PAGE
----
By Vern Hughes - posted Tuesday, 2 March 2010


The things that matter most to us - families, neighbourhoods, caring for others, voluntary activity, self-development and the character of people, local economies, local communities - are the things that matter least to our politicians.

Political parties of both Right and Left have ignored society for a century in their obsession with the market and the state. Neo-liberalism on the Right (the rule of the market) and managerialism on the Left (the rule of bureaucracy) have dominated politics and public life. Together they have corroded society, undermined personal and social responsibility, weakened community, and turned unique individuals into clients and customers, wage labourers and punters, detached from their relationships and communities.

Social relationships - not the market, or the state - should be the prism through which we assess public policy. This is common sense. But it is an insight that belongs to neither Left nor Right, and challenges both.


Here are 12 compelling reasons why Australia needs a contemporary transformative conservatism to challenge both neo-liberalism and managerialism, and fill the vacuum at the heart of our public life.

Indigenous self-help and survival

The old politics of Left and Right have presided over the destruction of Indigenous communities from one end of Australia to the other. The managerialism of the Left has eroded personal and social responsibility among black communities, while the Right has been unable to throw off its paternalism to support the development of Indigenous capacity and a self-help culture.

Both have been captive to a residual dehumanising “noble savage” stereotype which destines current and future Indigenous generations to poverty and powerlessness. Both have failed to understand the destructive power of alcohol, gambling and welfare dependence on fragile cultures. A revolution in Indigenous affairs based on conserving and strengthening social relationships is needed as a national imperative.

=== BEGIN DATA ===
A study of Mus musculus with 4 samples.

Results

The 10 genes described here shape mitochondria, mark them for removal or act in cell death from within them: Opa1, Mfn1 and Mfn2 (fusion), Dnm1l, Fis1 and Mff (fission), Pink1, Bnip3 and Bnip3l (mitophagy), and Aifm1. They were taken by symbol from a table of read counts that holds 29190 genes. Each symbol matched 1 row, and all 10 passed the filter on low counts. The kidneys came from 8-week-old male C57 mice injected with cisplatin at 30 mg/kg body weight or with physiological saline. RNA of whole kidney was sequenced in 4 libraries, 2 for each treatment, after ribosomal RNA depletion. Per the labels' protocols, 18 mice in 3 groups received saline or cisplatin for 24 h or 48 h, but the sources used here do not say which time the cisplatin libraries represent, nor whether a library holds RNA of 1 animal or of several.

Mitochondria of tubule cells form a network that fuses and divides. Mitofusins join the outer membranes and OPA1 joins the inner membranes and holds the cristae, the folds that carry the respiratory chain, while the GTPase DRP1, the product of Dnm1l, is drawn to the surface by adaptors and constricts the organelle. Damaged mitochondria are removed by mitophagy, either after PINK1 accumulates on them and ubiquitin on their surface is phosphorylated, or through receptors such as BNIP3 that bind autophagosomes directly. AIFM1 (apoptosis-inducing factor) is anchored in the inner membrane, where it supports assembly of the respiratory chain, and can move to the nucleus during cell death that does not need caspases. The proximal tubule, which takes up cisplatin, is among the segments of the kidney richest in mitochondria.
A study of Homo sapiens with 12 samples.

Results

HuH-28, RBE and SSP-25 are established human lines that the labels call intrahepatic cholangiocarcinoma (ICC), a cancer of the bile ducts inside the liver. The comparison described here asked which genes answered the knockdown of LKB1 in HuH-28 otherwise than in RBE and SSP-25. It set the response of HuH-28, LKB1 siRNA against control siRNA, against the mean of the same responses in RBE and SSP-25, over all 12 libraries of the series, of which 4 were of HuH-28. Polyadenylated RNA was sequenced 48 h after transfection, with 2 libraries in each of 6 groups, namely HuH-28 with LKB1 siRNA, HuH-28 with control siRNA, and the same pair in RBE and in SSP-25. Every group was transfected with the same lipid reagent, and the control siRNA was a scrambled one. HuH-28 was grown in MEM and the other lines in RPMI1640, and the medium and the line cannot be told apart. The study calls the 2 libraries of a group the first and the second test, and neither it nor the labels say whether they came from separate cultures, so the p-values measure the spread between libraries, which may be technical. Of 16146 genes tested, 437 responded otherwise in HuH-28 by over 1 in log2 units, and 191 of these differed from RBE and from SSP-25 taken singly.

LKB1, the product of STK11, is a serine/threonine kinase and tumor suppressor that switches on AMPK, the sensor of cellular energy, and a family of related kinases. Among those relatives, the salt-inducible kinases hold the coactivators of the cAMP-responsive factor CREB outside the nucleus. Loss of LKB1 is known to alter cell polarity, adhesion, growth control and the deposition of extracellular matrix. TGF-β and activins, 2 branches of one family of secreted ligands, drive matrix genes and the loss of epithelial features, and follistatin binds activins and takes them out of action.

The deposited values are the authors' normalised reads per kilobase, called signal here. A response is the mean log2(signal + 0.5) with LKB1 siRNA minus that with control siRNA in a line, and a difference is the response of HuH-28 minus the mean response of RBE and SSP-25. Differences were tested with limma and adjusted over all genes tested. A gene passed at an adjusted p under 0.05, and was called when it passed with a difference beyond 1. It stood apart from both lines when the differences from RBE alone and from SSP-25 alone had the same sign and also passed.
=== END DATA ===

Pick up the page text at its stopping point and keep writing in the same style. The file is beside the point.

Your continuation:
Australian society needs a party that can articulate a social relationships-based agenda - not solely rights or employment  - to ensure the survival of Indigenous communities.

The failure of the welfare system

Both Left and Right believe an efficient welfare system can adequately address the challenges facing people with mental illnesses, addictions, unconventional behaviours, disabilities, long-term unemployability and repeated encounters with the criminal justice system. But it can’t.


Australian society needs a party that can challenge the systemic failure of the welfare system and address the restoration of deep civil society relationships.

The natural authority of families

Left and Right have been locked together in blindness to the natural authority of families and their primacy as the bedrock social unit. School lobbies on the Left and Right have by-passed families in channelling funds to education suppliers rather than to the parents of each unique child. Right and Left administrations have by-passed families in directing disability, aged care and chronic illness funds to institutions rather than families as the primary unit of care. Child care and vocational education funds have been chaperoned by Left and Right to institutional and corporate interests, with the Left's only interest being in the employment conditions of teaching staff, and the Right's interest determined solely by the labour needs of industry.


Vern Hughes is Secretary of the National Federation of Parents Families and Carers and Director of the Centre for Civil Society and has been Australia's leading advocate for civil society over a 20-year period. He has been a writer, practitioner and networker in social enterprise, church, community, disability and co-operative movements. He is a former Executive Officer of South Kingsville Health Services Co-operative (Australia's only community-owned primary health care centre), a former Director of Hotham Mission in the Uniting Church, the founder of the Social Entrepreneurs Network, and a former Director of the Co-operative Federation of Victoria. He is also a writer and columnist on civil society, social policy and political reform issues.